What Is Account-Based Marketing and How You Can Profit Off It

Account-based marketing allows you to truly personalize your messaging, offers and content for each customer to better resonate with their needs.

Security integrators can learn a lot from B2B marketers, who are finding business success with one of the latest trends — account-based marketing (ABM).

ABM is when you treat every customer, account, or prospect as a personalized account, meaning you tailor content and services perfectly to fit them, and only them.

Ever wonder why most email blasts only have click-throughs of less than 3%? It’s because that message was sent broadly, not focused on just a few accounts.

In simplicity, this is what account-based marketing is. ABM goes far beyond narrowing your target audience or segmenting prospects into their own marketing channels. It allows you to truly personalize your messaging, offers, and content for each account to better resonate with their needs. Instead of using a fishing net, you’re using a spear.

Company alignment is the first step to ABM. As you would expect, your company’s sales and marketing teams need to be in sync. Other company resources including operations, IT and executive management need to be aware of the emphasis on ABM and part of the conversation.

With a move from generic materials to highly specific ones that target up to 20% of your ideal market, it’s a bit like becoming an orchestra conductor. Timing of the right content at the right time is crucial to implementing a plan that works.

Technology tools are important to building an integrated platform for ABM. These should include analytics with real-time insight to evaluate purchase intent. CRM (customer relationship management) is key to keeping your data in order.

Ideally, your CRM should give you insights on the journey with each customer. Where possible, connect your ad platforms and personalized content with your databases.

Don’t Skimp on Social Media Engagement

Your website is another key tool to use to track prospect behavior as that will help you determine areas of interest. And, don’t invest all your resources into one channel as that’s not how any audience consumes content.

Your salespeople and technicians will need materials specific to the jobs they are pursuing. These can be email templates, spec sheets, and/or product collateral, that are targeted to a specific vertical, or you can even go deeper and customize them for a specific prospect.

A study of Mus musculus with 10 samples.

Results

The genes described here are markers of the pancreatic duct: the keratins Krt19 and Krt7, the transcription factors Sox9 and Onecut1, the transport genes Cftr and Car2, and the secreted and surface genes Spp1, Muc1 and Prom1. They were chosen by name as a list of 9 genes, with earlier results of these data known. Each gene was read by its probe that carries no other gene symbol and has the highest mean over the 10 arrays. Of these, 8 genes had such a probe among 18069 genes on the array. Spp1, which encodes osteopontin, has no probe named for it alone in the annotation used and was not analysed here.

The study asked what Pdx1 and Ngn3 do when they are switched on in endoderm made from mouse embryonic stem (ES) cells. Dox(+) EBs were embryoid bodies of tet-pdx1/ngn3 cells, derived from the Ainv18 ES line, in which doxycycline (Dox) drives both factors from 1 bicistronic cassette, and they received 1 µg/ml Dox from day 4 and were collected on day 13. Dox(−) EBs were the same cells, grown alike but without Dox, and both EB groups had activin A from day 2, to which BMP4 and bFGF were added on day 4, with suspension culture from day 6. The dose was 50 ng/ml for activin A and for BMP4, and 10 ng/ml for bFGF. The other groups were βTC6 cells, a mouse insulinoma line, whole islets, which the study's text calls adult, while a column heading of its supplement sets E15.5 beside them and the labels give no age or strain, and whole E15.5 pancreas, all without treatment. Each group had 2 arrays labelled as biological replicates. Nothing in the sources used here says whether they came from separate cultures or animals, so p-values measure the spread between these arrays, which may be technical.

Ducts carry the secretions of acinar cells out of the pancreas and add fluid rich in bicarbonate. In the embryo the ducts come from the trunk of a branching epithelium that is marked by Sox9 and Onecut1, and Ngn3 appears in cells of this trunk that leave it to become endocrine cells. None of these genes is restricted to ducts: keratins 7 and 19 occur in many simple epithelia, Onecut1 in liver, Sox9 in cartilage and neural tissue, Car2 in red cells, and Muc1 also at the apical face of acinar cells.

Social media is another tool you can utilize to gain insight into your customers. Follow them, comment and share their content. You will become known to them and become closer to developing a relationship. Twitter works well for this as it is a more casual outlet — it doesn’t make the prospect feel like they are being stalked.

Utilize existing relationships where you can. If someone on the team knows or has worked with someone as a contractor to one of your target companies or has any type of previous relationship, use that to get a conversation started or potentially to schedule a meeting.

Personal referrals are one of your strongest resources for sales. Better yet, assign that person with the relationship that target if appropriate.

One final tip — use unique methods to reach your target. That might even include a blast from the past — direct mail. The lumpy mailer always gets opened first!

Account-based marketing has moved from an obscure marketing strategy to a more mainstream one in recent years. New technology tools make it easier than ever to precisely reach your target customers rather than using the historic spray and pray method.

Build some agility and flexibility into your strategy. Just imagine what integrators could accomplish by looking at individual customers as specific markets — it can lead to great opportunities and a more profitable future.


Coleen Sterns Leith is the president of Marketing Matters, a boutique public relations, communications and marketing agency that focuses on the tech, CEDIA, InfoComm and consumer electronics channels.


Editor’s Note: This article first ran in Security Sales & Integration’s sister publication CE Pro.